Highlights Swiss Payment Monitor 1/2022
Media release of February 24, 2022
Every second online payment is made on a mobile device
Around half of online payments are now made using smartphones, tablets and the like. In addition, around 30 percent of the Swiss population now use neobanks. This is shown by the current Swiss Payment Monitor from the ZHAW and the University of St. Gallen.
The Swiss population today very often pays for goods and services that they do not purchase directly in a shop or restaurant on the go: 49 percent of all transactions in so-called distance business are made using a mobile phone, tablet or smartwatch. This includes payments directly via the bank account, such as with TWINT, but also with a credit or debit card stored in an app, such as with Apple Pay or SBB Mobile. This is shown by the sixth Swiss Payment Monitor conducted by the ZHAW School of Management and Law and the University of St. Gallen. For the study at the end of 2021, 1,460 people were interviewed, representative of all of Switzerland.
Lots of in-app purchases
A year ago, mobile payments accounted for 29 percent of all distance purchases. “The big growth is mainly due to payments in apps with an integrated payment function, such as SBB Mobile. These now account for more than half of the number of mobile distance purchases,” explains ZHAW payment expert Marcel Stadelmann. The second most common method is to pay by invoice from a distance (26 percent), followed by the non-mobile use of credit cards (10 percent). Mobile payment has also almost doubled over the past year in terms of total sales of all distance purchases: the share is now around a quarter. This puts mobile payment solutions in second place behind bills (45 percent) and ahead of non-mobile use of credit cards (17 percent).
Overall, the debit card stays ahead
With a share of 32 percent of all transactions (of distance and face-to-face business) and 30 percent of the corresponding turnover, the debit card is still the most used means of payment overall. With a share of 16 percent, cash loses sales shares (-2.8 percentage points) and takes third place behind non-mobile use of credit cards (23 percent). In terms of frequency of use, however, it can hold second place behind the debit card with 30 percent of all transactions. Non-mobile use of the credit card follows in third place with 16 percent. "Following the sudden changes at the beginning of the pandemic, the payment behavior of the Swiss population has stabilized over the course of 2021," explains Marcel Stadelmann. “Only the popularity of mobile payment continues to increase significantly, with TWINT being by far the most used mobile payment solution in Switzerland with a share of around 60 percent both in sales and in the number of all mobile payments.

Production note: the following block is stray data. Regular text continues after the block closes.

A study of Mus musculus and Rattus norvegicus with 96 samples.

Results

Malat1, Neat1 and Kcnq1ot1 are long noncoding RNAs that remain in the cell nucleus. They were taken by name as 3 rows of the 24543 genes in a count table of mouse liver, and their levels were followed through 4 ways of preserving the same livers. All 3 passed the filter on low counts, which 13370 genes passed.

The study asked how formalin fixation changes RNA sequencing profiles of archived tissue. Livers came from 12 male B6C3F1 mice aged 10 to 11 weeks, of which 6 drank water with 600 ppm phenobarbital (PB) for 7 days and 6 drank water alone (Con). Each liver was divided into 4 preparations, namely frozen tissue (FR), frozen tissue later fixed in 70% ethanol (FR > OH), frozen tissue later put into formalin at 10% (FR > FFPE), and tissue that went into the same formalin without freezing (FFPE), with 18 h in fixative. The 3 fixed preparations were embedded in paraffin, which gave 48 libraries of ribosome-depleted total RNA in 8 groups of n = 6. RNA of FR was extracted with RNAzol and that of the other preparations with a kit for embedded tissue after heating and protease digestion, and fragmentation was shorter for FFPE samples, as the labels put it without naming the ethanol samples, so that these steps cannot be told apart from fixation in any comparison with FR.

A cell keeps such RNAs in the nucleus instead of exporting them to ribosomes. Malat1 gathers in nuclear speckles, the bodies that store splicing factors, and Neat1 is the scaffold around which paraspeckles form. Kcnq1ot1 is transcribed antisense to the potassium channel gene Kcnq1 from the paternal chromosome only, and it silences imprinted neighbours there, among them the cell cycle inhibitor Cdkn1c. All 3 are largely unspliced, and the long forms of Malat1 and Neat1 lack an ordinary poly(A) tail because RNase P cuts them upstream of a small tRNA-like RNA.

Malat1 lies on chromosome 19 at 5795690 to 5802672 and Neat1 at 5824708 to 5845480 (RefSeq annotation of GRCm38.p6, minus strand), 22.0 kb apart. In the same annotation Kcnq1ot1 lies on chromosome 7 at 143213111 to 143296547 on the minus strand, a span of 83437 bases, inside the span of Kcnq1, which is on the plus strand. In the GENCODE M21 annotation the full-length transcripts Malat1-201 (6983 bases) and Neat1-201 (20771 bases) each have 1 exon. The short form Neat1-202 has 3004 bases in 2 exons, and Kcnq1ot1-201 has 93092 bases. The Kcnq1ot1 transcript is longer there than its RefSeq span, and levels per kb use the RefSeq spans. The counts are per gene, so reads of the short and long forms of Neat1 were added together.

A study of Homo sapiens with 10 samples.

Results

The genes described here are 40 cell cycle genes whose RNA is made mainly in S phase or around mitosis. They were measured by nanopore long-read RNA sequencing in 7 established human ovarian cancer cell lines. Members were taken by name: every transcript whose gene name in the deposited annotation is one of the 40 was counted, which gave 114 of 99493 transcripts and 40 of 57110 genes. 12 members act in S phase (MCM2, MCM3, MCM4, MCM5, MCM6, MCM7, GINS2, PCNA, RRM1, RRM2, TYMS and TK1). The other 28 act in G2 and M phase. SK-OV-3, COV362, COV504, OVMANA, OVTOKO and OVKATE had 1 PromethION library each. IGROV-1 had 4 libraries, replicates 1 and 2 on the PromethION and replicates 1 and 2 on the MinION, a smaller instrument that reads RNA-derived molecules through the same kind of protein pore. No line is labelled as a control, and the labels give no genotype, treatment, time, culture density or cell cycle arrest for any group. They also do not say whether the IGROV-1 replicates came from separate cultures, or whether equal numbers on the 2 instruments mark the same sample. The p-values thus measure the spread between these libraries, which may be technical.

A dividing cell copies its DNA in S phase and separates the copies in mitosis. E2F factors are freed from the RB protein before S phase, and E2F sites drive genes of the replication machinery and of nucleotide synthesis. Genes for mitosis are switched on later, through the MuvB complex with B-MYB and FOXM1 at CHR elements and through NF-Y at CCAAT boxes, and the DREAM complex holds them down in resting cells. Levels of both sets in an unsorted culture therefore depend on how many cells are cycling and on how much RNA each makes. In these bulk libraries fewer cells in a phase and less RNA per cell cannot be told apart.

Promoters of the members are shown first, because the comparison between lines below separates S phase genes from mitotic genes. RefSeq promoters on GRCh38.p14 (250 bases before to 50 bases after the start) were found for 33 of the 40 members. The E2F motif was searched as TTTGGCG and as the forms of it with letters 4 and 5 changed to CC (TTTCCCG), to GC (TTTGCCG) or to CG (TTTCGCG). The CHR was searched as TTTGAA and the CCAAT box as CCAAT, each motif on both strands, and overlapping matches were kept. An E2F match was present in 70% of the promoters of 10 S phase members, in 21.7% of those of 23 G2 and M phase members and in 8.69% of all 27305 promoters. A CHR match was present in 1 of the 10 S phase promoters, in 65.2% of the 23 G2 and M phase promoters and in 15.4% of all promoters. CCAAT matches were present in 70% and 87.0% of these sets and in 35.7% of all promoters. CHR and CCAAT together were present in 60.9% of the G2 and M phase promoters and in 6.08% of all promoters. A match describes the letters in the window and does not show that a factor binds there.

Neobanks as a supplement
Around 30 percent of people in Switzerland have also used new online solutions from neobanks at least once. "Statistically speaking, younger men in particular with a high level of education use neobanks more frequently," says Tobias Trütsch, payment economist at the University of St. Gallen. Revolut is used most frequently (12 percent), followed by the Swiss providers Neon (9 percent) and Zak (8 percent). The vast majority of users of neobanks take advantage of what they offer in addition to the services of traditional financial service providers. 2.5 percent of all respondents regularly process payments via neobanks, while only 1.4 percent have most of their money in a neobank account.
E-francs hardly known
Furthermore, around every tenth person states that they know and use virtual or cryptocurrencies such as Bitcoin. This share has increased by around 4 percentage points within a year. Digital central bank money is still very little known to the Swiss population. "Although around 14 percent of those surveyed stated that they knew this term, only around 5 percent were able to paraphrase it correctly," explains Tobias Trütsch. CBDC is a new form of electronic money issued by central banks and based on blockchain technology. Corresponding solutions are currently being discussed internationally, in Switzerland also under the name "e-francs".